I believe God brings us to certain places and experiences in our lives to develop more of His nature in us. One of the aspects of God’s nature is His empathy. That word literally means to be in suffering with someone. Throughout all of history, God continually tells humanity, “I feel what you feel. When you suffer, I suffer too.” The Bible also tells us that Jesus experienced everything we will ever experience, and knows just how we feel.
So this week I’m experiencing what it’s like to be a single parent. Betsy is visiting her family in California, so I’m home with our kids. Granted this is not even close to what true single parents have to cope with. They do it for years, and I’m struggling with just a week. But my week-long experience is developing greater empathy in me.
I’ve got my usual slate of activity for this week, and then I come home to a crying child who is dealing with a rough relationship issue at school. And then I’m trading texts with a coach, trying to work out details for a practice schedule for another child. And then I’m juggling how to get my kids to three different activities, which all start at almost the same time. And then I’m trying to figure out the family meals, and squeezing in a trip to the grocery store. And then I’m having a discussion with my kids about a housekeeping issue. And then … and then … and then …
God’s design was for our kids to have two parents: a Mom and a Dad. When one parent is missing, I believe God gives extra grace to the remaining parent to operate in both roles. But that isn’t God’s ideal. Into this void, Christians are supposed to step in.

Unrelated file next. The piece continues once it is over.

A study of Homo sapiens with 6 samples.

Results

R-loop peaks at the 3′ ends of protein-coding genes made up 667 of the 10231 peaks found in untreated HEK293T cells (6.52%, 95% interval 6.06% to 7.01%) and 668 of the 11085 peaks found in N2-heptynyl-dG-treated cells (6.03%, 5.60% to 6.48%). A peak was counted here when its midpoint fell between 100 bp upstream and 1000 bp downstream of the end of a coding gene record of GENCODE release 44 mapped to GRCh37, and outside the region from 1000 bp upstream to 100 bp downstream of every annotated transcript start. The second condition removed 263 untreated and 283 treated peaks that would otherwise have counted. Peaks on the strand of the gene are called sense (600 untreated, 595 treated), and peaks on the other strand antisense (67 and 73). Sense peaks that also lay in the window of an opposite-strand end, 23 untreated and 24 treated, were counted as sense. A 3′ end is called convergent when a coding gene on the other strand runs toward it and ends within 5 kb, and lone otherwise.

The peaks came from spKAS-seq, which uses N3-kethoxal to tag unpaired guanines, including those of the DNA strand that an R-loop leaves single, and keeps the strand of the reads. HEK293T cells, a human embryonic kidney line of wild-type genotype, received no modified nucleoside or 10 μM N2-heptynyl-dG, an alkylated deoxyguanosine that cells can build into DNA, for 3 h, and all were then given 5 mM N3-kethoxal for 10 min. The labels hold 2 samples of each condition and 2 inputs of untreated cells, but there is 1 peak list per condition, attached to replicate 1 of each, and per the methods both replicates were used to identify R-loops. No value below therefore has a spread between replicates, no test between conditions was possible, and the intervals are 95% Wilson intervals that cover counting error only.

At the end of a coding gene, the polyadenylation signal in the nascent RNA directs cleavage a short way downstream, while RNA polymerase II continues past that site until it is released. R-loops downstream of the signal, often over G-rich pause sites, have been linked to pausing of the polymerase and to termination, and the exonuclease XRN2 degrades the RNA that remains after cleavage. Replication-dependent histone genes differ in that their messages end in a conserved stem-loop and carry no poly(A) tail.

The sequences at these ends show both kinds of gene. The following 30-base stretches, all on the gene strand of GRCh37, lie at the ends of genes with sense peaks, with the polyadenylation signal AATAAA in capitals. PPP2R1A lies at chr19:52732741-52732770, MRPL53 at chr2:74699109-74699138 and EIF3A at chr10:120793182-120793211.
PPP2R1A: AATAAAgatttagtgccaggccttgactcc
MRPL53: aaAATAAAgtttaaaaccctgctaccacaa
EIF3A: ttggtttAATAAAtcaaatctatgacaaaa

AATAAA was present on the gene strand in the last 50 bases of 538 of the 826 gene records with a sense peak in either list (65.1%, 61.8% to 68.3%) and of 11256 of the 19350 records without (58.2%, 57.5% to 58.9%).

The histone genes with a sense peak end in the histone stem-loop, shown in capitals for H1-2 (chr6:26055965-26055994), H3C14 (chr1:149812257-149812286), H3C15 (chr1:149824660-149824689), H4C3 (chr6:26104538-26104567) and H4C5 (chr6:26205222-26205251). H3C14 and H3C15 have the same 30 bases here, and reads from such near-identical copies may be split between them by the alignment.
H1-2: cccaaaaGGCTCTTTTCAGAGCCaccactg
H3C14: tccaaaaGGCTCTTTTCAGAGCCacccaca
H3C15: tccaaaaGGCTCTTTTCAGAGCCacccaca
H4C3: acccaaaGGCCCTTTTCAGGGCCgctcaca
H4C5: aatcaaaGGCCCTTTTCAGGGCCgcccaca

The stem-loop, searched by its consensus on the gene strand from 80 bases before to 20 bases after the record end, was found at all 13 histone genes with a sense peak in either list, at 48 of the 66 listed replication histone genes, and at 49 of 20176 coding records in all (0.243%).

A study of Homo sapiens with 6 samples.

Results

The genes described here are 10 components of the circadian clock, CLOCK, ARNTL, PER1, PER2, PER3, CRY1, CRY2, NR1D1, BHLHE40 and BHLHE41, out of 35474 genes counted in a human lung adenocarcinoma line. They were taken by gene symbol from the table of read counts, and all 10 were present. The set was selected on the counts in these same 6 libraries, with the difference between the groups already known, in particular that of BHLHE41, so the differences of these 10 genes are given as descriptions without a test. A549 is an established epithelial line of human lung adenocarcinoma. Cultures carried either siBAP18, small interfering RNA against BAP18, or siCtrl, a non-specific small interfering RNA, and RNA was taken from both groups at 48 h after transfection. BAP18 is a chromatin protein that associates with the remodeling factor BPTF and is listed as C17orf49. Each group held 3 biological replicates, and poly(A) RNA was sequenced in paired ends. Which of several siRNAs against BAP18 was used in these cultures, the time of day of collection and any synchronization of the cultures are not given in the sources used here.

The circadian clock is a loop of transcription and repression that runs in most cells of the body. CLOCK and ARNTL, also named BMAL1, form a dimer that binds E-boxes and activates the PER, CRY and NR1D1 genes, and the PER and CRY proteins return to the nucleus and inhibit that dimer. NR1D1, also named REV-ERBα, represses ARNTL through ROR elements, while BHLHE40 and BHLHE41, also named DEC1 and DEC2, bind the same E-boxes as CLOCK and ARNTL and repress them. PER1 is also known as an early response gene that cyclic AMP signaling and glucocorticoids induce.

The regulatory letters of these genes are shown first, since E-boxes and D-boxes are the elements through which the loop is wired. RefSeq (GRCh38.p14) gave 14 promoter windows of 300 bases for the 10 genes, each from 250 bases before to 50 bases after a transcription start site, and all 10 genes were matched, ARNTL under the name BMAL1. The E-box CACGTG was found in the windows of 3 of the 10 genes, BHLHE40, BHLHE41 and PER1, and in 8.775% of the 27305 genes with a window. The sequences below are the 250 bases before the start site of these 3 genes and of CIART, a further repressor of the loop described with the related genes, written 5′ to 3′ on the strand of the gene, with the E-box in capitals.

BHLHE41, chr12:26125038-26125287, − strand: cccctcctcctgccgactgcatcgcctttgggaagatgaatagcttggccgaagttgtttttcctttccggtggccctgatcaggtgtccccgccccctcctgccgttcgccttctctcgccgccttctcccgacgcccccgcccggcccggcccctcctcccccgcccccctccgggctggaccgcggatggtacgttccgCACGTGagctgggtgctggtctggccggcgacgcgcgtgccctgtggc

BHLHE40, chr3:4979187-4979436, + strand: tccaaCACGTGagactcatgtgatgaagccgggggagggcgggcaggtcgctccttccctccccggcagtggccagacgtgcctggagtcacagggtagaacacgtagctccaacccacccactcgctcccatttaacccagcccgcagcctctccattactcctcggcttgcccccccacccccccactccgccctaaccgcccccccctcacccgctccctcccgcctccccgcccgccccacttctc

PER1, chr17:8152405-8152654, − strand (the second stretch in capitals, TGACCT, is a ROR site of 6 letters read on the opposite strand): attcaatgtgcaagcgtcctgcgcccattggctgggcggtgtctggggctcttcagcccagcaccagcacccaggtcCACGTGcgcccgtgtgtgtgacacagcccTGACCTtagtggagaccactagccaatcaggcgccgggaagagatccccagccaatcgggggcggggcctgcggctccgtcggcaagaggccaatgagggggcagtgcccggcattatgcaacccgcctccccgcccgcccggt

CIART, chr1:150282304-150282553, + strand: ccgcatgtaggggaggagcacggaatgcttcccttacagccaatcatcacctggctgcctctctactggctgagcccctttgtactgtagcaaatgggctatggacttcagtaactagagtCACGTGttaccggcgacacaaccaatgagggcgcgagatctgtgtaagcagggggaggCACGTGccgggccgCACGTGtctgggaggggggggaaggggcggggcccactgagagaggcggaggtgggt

- Support organizations that assist single parents.
- Better yet: volunteer at one of these organization.
- Invite a single-parent family over to dinner at your house.
- Be a mentor.
- If your kids are going somewhere a single parent’s kids are, offer to help carpool.
- Guys, be a father-figure to fatherless kids.
- Ladies, be a mother-figure to motherless kids.
- Let a single parent drop off his/her kids at your house so that parent can have some alone time.
- Take a single parent out for coffee and let them vent.
- Provide a scholarship to a camp for single-parent kids.
The cliché said, “It takes a village to raise a child.” I think it’s even better this way: It takes a loving Church to raise a healthy, well-balance FAMILY.
It’s time for Christians to be that Church!